97 Things Every Programmer Should Know

(Chris Devlin) #1

Collective Wisdom from the Experts 39

the caller to have to make two separate calls” translated into “I didn’t want to
code up two separate methods.” There’s nothing fundamentally wrong with
convenience if it’s intended to be the antidote to tediousness, clunkiness, or
awkwardness. However, if we think a bit more carefully about it, the antidote
to those symptoms is efficiency, consistency, and elegance, not necessarily
convenience. APIs are supposed to hide underlying complexity, so we can real-
istically expect good API design to require some effort. A single large method
could certainly be more convenient to write than a well-thought-out set of
operations, but would it be easier to use?

The metaphor of API as a language can guide us toward better design decisions
in these situations. An API should provide an expressive language, which gives
the next layer above sufficient vocabulary to ask and answer useful questions.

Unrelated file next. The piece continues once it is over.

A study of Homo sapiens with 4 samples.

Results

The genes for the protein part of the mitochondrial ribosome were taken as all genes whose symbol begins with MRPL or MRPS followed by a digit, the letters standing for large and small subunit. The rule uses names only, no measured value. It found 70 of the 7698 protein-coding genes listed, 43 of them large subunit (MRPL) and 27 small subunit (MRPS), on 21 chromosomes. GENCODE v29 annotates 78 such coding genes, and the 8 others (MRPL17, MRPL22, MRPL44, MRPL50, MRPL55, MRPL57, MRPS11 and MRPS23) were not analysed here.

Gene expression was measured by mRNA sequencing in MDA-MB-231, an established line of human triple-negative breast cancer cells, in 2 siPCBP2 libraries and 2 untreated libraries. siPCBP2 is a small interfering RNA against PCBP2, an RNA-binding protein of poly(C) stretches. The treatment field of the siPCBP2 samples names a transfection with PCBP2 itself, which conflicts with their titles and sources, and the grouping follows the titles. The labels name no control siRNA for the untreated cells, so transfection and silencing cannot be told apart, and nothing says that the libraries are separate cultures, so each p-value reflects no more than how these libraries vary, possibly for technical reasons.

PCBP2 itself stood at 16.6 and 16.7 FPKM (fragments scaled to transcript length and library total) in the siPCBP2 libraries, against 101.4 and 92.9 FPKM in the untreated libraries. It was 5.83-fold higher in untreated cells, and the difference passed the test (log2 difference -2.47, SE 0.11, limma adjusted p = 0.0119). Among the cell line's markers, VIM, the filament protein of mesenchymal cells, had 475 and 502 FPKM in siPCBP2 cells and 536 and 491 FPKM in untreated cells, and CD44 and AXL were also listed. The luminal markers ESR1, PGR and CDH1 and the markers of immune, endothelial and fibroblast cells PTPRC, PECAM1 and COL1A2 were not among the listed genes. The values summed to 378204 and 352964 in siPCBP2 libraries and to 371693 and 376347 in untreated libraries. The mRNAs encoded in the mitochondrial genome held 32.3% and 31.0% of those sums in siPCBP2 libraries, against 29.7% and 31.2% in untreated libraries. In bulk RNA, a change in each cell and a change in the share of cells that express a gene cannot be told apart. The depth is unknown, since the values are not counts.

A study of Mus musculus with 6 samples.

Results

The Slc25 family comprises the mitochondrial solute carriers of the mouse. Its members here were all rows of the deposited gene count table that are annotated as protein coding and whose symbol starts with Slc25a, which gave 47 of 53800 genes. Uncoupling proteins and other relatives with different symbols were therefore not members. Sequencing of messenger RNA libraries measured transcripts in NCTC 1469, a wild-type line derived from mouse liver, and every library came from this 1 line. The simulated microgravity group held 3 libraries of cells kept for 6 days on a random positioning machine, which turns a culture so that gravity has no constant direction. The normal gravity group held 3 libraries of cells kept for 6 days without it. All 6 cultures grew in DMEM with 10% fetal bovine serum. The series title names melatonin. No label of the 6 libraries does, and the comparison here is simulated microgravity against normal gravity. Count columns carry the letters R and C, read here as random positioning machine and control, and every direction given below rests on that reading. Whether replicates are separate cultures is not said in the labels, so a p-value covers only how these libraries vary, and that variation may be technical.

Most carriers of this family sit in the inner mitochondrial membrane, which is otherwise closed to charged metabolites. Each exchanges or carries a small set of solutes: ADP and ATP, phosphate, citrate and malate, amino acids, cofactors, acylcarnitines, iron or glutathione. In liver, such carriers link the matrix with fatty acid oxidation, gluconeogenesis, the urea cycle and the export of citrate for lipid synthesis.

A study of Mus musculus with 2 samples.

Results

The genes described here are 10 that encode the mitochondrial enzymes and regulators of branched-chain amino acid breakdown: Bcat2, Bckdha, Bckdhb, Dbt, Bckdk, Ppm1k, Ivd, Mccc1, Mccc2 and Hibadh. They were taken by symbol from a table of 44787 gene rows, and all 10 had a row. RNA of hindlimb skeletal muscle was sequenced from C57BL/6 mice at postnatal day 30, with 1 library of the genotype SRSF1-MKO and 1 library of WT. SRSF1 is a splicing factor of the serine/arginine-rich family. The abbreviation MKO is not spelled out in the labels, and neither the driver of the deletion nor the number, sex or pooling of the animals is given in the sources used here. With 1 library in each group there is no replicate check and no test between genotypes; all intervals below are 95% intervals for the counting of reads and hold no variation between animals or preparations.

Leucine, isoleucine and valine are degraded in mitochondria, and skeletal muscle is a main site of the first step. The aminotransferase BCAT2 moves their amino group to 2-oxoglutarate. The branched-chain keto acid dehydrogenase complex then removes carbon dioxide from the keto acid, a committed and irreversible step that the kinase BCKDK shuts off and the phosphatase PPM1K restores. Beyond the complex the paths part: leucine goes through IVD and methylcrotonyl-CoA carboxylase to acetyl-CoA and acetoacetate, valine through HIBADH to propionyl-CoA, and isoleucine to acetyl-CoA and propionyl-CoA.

This does not imply that it should provide exactly one method, or verb, for each
question that may be worth asking. A diverse vocabulary allows us to express
subtleties in meaning. For example, we prefer to say run instead of walk(true),
even though it could be viewed as essentially the same operation, just executed
at different speeds. A consistent and well-thought-out API vocabulary makes
for expressive and easy-to-understand code in the next layer up. More impor-
tantly, a composable vocabulary allows other programmers to use the API in
ways you may not have anticipated—a great convenience indeed for the users
of the API! Next time you are tempted to lump a few things together into one
API method, remember that the English language does not have one word
for MakeUpYourRoomBeQuietAndDoYourHomeWork, even though it would be really
convenient for such a frequently requested operation.